Augustin-Louis Cauchy

Augustin-Louis Cauchy bigraphy, stories - French mathematician

Augustin-Louis Cauchy : biography

df=y September 8 – 23 May 1857

Baron Augustin-Louis Cauchy ( 21 August 1789 – 23 May 1857) was a French mathematician who was an early pioneer of analysis. He started the project of formulating and proving the theorems of infinitesimal calculus in a rigorous manner, rejecting the heuristic principle of the generality of algebra exploited by earlier authors. He defined continuity in terms of infinitesimals and gave several important theorems in complex analysis and initiated the study of permutation groups in abstract algebra. A profound mathematician, Cauchy exercised a great influence over his contemporaries and successors. His writings cover the entire range of mathematics and mathematical physics.

"More concepts and theorems have been named for Cauchy than for any other mathematician (in elasticity alone there are sixteen concepts and theorems named for Cauchy)." Cauchy was a prolific writer; he wrote approximately eight hundred research articles and five complete textbooks. He was a devout Roman Catholic, strict Bourbon royalist, and a close associate of the Jesuit order.


Youth and education

Cauchy was the son of Louis François Cauchy (1760–1848) and Marie-Madeleine Desestre. Cauchy had two brothers, Alexandre Laurent Cauchy (1792–1857), who became a president of a division of the court of appeal in 1847, and a judge of the court of cassation in 1849; and Eugene François Cauchy (1802–1877), a publicist who also wrote several mathematical works.

Cauchy married Aloise de Bure in 1818. She was a close relative of the publisher who published most of Cauchy’s works. By her he had two daughters, Marie Françoise Alicia (1819) and Marie Mathilde (1823).

Cauchy’s father (Louis François Cauchy) was a high official in the Parisian Police of the New Régime. He lost his position because of the French Revolution (July 14, 1789) that broke out one month before Augustin-Louis was born.His father’s dismissal is sometimes seen as the cause of the deep hatred of the French Revolution that Cauchy felt all through his life. The Cauchy family survived the revolution and the following Reign of Terror (1794) by escaping to Arcueil, where Cauchy received his first education, from his father. After the execution of Robespierre (1794), it was safe for the family to return to Paris. There Louis-François Cauchy found himself a new bureaucratic job, and quickly moved up the ranks. When Napoleon Bonaparte came to power (1799), Louis-François Cauchy was further promoted, and became Secretary-General of the Senate, working directly under Laplace (who is now better known for his work on mathematical physics). The famous mathematician Lagrange was also no stranger in the Cauchy family.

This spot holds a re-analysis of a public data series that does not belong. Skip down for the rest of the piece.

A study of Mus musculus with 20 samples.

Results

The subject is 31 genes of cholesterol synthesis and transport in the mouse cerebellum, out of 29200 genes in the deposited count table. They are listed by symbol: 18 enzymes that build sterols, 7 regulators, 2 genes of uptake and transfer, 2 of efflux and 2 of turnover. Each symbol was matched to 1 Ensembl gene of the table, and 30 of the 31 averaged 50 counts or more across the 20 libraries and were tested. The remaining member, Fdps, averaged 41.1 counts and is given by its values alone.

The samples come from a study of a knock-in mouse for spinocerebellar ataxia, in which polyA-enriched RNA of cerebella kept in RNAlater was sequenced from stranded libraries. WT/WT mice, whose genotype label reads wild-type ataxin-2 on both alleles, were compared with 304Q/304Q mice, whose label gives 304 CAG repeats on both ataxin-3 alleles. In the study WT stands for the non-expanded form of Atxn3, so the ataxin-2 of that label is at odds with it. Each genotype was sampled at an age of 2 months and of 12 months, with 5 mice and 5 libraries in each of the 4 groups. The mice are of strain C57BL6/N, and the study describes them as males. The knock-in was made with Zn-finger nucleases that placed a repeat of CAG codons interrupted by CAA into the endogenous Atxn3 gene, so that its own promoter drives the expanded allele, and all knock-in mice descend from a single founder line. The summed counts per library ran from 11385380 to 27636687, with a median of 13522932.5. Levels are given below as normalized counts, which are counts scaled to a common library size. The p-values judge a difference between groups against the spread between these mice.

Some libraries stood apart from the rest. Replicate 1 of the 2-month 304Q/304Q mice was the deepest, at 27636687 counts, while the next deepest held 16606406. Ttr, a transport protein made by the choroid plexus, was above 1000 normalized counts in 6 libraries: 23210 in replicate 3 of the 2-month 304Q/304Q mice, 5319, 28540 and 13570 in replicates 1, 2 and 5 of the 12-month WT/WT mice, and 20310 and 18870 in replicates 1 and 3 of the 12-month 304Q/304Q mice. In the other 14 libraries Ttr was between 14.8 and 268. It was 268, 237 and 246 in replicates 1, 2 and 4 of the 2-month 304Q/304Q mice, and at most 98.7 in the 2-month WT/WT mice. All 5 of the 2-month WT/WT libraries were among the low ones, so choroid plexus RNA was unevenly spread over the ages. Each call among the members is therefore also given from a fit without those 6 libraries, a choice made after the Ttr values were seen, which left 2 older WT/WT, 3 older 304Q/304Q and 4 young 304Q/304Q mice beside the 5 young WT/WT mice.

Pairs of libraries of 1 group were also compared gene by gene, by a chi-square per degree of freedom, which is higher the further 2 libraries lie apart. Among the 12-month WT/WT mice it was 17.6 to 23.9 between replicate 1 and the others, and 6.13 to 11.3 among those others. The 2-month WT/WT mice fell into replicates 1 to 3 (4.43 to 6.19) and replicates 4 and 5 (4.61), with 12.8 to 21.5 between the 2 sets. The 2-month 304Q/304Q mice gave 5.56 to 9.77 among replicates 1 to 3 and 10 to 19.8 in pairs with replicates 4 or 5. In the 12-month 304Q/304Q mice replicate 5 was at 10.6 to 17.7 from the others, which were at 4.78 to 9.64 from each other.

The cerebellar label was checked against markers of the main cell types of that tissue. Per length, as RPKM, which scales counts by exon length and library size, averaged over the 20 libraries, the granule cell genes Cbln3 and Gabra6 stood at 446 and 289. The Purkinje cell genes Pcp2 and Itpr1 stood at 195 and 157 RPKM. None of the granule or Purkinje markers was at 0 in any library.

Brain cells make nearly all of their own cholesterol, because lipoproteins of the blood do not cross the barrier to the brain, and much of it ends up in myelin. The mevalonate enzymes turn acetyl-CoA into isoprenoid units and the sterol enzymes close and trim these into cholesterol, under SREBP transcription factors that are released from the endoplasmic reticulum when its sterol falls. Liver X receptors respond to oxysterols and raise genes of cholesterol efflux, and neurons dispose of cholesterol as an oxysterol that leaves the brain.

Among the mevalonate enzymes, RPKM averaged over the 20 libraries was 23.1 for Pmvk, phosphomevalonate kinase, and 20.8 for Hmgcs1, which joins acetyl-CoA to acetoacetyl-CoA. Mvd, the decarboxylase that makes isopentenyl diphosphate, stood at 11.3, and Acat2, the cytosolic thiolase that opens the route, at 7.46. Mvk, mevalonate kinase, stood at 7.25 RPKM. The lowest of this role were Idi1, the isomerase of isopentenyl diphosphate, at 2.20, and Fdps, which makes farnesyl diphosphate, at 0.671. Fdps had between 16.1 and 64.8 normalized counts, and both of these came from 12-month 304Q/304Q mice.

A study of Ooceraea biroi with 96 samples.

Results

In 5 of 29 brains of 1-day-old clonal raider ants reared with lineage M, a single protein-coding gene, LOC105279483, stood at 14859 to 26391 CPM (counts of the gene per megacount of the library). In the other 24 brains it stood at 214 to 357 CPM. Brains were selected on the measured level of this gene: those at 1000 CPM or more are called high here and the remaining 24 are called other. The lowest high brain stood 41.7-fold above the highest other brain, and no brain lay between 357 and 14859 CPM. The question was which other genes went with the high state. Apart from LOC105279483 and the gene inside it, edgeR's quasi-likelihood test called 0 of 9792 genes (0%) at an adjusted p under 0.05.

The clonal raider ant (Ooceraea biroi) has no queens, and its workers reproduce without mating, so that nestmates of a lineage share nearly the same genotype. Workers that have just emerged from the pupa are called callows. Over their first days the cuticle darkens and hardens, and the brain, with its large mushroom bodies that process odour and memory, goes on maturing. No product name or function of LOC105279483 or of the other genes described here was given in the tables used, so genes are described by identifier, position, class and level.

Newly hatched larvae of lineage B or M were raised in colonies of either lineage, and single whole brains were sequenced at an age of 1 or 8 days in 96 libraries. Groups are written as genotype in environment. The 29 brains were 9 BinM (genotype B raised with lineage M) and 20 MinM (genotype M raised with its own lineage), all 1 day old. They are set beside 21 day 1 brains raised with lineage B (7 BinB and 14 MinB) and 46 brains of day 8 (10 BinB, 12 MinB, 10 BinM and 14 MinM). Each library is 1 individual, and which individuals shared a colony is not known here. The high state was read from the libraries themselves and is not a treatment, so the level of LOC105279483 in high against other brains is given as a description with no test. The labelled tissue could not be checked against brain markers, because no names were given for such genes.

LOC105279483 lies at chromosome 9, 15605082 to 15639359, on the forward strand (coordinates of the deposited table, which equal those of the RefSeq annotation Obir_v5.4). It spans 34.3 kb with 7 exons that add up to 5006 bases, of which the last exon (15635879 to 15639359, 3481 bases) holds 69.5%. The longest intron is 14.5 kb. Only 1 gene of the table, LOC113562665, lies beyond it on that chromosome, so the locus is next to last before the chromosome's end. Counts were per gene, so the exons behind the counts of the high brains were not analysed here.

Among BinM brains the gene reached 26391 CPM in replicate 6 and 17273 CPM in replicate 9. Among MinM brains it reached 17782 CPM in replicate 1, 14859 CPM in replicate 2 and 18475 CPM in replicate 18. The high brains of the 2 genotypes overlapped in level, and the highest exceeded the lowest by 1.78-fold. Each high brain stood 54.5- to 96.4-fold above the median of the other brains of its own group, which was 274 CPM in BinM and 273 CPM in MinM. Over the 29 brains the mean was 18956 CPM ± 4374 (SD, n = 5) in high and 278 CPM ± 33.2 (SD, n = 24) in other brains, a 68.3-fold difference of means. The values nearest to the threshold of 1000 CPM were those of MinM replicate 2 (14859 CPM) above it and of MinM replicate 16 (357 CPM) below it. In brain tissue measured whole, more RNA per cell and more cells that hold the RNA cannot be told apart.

On Lagrange’s advice, Augustin-Louis was enrolled in the École Centrale du Panthéon, the best secondary school of Paris at that time, in the fall of 1802. Most of the curriculum consisted of classical languages; the young and ambitious Cauchy, being a brilliant student, won many prizes in Latin and Humanities. In spite of these successes, Augustin-Louis chose an engineering career, and prepared himself for the entrance examination to the École Polytechnique.

In 1805 he placed second out of 293 applicants on this exam, and he was admitted. One of the main purposes of this school was to give future civil and military engineers a high-level scientific and mathematical education. The school functioned under military discipline, which caused the young and pious Cauchy some problems in adapting. Nevertheless, he finished the Polytechnique in 1807, at the age of 18, and went on to the École des Ponts et Chaussées (School for Bridges and Roads). He graduated in civil engineering, with the highest honors.

Engineering days

After finishing school in 1810, Cauchy accepted a job as a junior engineer in Cherbourg, where Napoleon intended to build a naval base. Here Augustin-Louis stayed for three years, and although he had an extremely busy managerial job, he still found time to prepare three mathematical manuscripts, which he submitted to the Première Classe (First Class) of the Institut de France.In the revolutionary years the French Académie des Sciences was known as the "First Class" of the Institut de France. Cauchy’s first two manuscripts (on polyhedra) were accepted; the third one (on directrices of conic sections) was rejected.